A couple of people were very quick to criticize this statement in my last post: “But it seems to me that for advanced research a librarian who knows nothing about the topic itself won’t be very useful.” The offending implication is that reference librarians who aren’t subject specialists or who don’t have advanced degrees can’t do good reference work, which isn’t the case, with the related and quite good point that a big part of reference work is negotiating with the patron, not just having a lot of knowledge about a subject.
Points happily granted.
So I want to revise my question. It might help to make a few distinctions. First, by area, I mean one of the general large divisions in academia: humanities, social sciences, natural sciences, etc. These could also perhaps be called cultures, following C.P. Snow. These areas, or cultures, have different methods, objects of study, assumptions, foundations, and shared knowledge.
By field, I mean a subdivision within that area: English, Sociology, Physics, etc. I also want to distinguish between queries which have a definite answer–no matter how complex–and more substantial help providing guidance on a research project, work that is necessarily more open-ended. For the sake of argument, let’s call these reference help and research help, even though in practice we know they’re mingled and we’re fine just calling them reference. I make this distinction because there is an obvious difference between answering a question and providing guidance in a research project. I was and am talking about research help.
My revised question is: When providing advanced research help, do you think reference librarians in general (or you in particular) are equally effective in both 1) areas or fields they know well, and 2) areas and fields about which they know nothing?
A follow-up question could be, how do you know, given that often you don’t know what you don’t know? (For example, I know that I know almost nothing about engineering, but I know there is such a field and roughly what it does. However, there must be gobs of subjects that I’m not even aware of, and thus I don’t even know which of them I don’t know about.) This question could probably be studied empirically with various reference assessment tools, but I’ll leave that job for the tenure-track librarians.
For my own part, I think I’m less effective the further I get from my area of greatest knowledge–the humanities. In fact, there are areas, such as engineering, about which I know so little that I wouldn’t know if I were providing effective research help at all. My knowledge about the field is so limited that I don’t see how I could possibly feel confident. The assumptions, approaches, methods, etc. are so foreign to my education that I have no subjective way of measuring my effectiveness. In fact, the further one gets from the humanities, the less it even makes sense to talk about research help. Natural scientists don’t do much of their research in the library, but in the lab. For the humanist, the library is the lab.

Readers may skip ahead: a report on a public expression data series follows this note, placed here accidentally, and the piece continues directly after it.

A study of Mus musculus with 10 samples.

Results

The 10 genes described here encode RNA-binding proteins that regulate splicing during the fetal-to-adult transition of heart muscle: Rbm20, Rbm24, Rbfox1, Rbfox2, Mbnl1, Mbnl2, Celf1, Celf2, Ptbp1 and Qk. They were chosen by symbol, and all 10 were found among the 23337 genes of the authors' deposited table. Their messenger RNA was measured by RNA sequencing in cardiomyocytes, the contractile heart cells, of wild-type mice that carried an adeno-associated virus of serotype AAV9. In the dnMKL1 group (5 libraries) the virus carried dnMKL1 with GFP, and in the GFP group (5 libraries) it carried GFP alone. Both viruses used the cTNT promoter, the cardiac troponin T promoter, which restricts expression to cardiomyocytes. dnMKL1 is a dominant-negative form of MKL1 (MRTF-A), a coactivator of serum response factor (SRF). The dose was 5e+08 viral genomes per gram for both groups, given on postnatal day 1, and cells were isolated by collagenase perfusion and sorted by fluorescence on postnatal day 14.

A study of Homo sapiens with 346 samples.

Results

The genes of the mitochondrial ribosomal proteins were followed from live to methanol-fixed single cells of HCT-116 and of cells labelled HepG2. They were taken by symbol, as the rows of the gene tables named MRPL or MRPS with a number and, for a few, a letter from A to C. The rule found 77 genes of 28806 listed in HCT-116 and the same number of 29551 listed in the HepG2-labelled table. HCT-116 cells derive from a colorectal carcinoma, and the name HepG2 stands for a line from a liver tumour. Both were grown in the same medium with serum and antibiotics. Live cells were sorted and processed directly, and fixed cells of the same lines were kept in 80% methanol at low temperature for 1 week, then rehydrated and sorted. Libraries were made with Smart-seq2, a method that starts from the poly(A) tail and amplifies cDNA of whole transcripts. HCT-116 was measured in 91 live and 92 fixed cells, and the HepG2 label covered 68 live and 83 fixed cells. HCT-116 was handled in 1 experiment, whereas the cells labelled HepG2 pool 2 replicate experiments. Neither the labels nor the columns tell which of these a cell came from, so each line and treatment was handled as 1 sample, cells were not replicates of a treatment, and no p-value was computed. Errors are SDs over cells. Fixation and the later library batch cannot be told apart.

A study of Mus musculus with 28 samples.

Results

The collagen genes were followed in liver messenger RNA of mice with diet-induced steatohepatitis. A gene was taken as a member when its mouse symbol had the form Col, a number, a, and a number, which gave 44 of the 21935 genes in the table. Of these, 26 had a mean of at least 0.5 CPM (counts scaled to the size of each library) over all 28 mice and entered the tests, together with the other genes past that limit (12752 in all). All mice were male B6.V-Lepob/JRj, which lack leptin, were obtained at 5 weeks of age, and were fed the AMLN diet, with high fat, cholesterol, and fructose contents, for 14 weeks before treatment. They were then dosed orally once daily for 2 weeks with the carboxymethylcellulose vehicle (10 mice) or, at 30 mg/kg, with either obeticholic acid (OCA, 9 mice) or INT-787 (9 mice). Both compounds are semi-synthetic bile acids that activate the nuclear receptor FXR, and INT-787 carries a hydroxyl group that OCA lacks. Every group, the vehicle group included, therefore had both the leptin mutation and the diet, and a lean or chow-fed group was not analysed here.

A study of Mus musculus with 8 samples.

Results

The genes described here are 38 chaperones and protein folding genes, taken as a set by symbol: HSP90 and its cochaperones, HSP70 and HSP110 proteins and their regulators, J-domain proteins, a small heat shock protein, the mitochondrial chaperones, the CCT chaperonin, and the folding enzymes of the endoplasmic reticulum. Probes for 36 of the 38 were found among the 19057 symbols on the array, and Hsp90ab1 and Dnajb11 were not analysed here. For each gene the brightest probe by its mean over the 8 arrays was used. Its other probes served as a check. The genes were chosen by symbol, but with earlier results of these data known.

This changes as the areas move closer to the humanities. There are fields within the social sciences I’ve studied from interest or enjoyment, especially political science and sociology. The field of law is similar for me. In those fields, I’ve learned enough to have some idea of what I don’t know. I understand my strengths and weaknesses, and thus I have some way of knowing how effective my research help can be. I know when it’s time to refer to someone with greater knowledge. Political theory and qualitative sociology? I’ll give it a whirl and feel comfortable. Economic data? Referral time.
For the humanities, there is hardly a field about which I don’t have at least some minimal knowledge. For this area, I will include literature, history, philosophy, and religion. I know a lot about these fields because I’ve been reading widely–if not always deeply–for over twenty years. And to be clear, I’m not talking about credentials and degrees, but just knowledge. One of my commenters rightly pointed out that a PhD and no communication skills a bad reference librarian makes. I agree. I don’t have a PhD. I just read a lot of books and am intensely curious about the subjects. In the humanities, I know very well my strengths and weaknesses. I have a very good idea about what I don’t know.
This plays out when I work with students. The farther the research project is from my main area of knowledge, the less comfortable I am that my work is effective. I’m not even sure how I’d know. And what’s more, the work I can do in other areas takes longer for me and for the patron, and I still can’t guarantee my effectiveness, because I don’t know enough about the fields to know what I’m missing.
Thus, my own answer to the question is, No. I don’t think reference librarians are equally effective for research help in areas they know well and areas about which they know nothing. Also, outside of an independent assessment, I don’t see how anyone could possibly know if they were, given what they don’t know they don’t know.
And if the answer generally is, No, then that lends support to my previous speculations that both background knowledge and swotting up for a research consultation make one’s research help more effective. The more I know about a topic, about its context, its background, the better I am able to offer guidance, discuss alternative research strategies, and recommend sources. Perhaps I am the exception, though. Perhaps most other librarians believe they are equally effective in all areas. I tend to think that if one is really equally effective in every area, then it really means one is ineffective in every area, but I could be wrong.